Carver Herb Rice proudly watched as workers from the City of Duncan placed the long-standing totem pole “Transformation of Man” back into place last week on May 28.
Rice, a member of the Snuneymuxw First Nation, was the key designer and carver of the totem pole which he originally worked on alongside brothers Glen and Andrew Edwards, from the Penelakut Nation, 31 years ago.
Rice was given the task by the City of Duncan to refurbish his Transformation of Man at his studio at Whippletree Junction after the totem pole spent decades standing at the corner of Government Street and E. J. Hughes Place.
The work took more than a month to complete.
Rice said that, over the years, cleaning crews unknowingly caused damage to the totem pole, which is made out of red cedar, by using power washers to clean it, which ended up creating pockets in the wood that tree pollen and fungus could get into and cause the wood to rot.
“I had to clean the whole surface, re-carve some of the lines and carve whole new wings before repainting the totem pole,” he said while a crane from Poland Crane & Hauling helped the work crew replace the totem pole at its site.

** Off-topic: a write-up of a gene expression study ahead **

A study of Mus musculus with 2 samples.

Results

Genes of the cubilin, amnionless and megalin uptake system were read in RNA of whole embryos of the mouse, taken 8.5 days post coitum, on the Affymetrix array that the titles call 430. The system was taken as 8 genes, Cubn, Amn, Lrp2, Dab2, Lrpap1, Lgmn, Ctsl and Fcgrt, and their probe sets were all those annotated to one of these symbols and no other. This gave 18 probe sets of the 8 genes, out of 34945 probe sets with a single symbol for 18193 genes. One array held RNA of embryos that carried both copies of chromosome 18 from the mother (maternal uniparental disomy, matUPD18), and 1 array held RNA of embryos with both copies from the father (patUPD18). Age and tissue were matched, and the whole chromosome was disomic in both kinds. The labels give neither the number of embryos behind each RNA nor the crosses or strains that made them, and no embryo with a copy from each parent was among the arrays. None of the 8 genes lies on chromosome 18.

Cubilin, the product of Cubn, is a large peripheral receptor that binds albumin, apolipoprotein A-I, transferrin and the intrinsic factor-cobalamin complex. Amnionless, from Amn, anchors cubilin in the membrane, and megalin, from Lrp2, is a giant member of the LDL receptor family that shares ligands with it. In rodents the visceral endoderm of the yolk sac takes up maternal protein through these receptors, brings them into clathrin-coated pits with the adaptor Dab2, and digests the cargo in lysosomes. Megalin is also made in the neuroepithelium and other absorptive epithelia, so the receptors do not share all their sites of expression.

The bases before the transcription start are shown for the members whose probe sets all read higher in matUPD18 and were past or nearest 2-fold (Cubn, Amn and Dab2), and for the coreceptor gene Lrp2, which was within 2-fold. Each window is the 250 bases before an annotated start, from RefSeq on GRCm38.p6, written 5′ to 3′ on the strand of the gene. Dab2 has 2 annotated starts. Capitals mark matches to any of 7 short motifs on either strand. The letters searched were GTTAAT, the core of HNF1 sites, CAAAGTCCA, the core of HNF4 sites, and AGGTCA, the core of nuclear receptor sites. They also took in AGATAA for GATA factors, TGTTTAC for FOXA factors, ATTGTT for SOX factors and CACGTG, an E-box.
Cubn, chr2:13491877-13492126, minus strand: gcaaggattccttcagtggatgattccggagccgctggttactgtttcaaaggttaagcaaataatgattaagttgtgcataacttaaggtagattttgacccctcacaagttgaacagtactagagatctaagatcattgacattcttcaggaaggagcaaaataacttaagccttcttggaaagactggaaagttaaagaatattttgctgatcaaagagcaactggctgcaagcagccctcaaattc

“Red cedar is a very soft wood and needs to be cared for properly. I’m really happy with the way it looks.”
Rice said he has worked with a number of the city’s totem pole projects from 2000 to 2007, but this is his first contract with the city in years.
“The city has since formed its totem pole subcommittee and the work around cleaning the poles in Duncan has really improved over time,” he said.
Carol Newington, chairwoman of the city’s totem pole subcommittee, said the city’s public works department regularly assesses all of Duncan’s more than 40 totem poles that have been put in place since the totem pole program began in 1989 and determines if and when any of them need to be refurbished.
She said the frequency of how often totem poles need to be cleaned and/or renovated usually depends on their location.
“Some, like the Transformation of Man, are located close to trees and, over the course of time, the leaves and pollen get into the wood and it begins to rot,” Newington said.
“The carving and maintenance of our totem poles are costly and we have no plans for new ones at this time, so we ensure that we look after the heritage of the poles that we currently have.”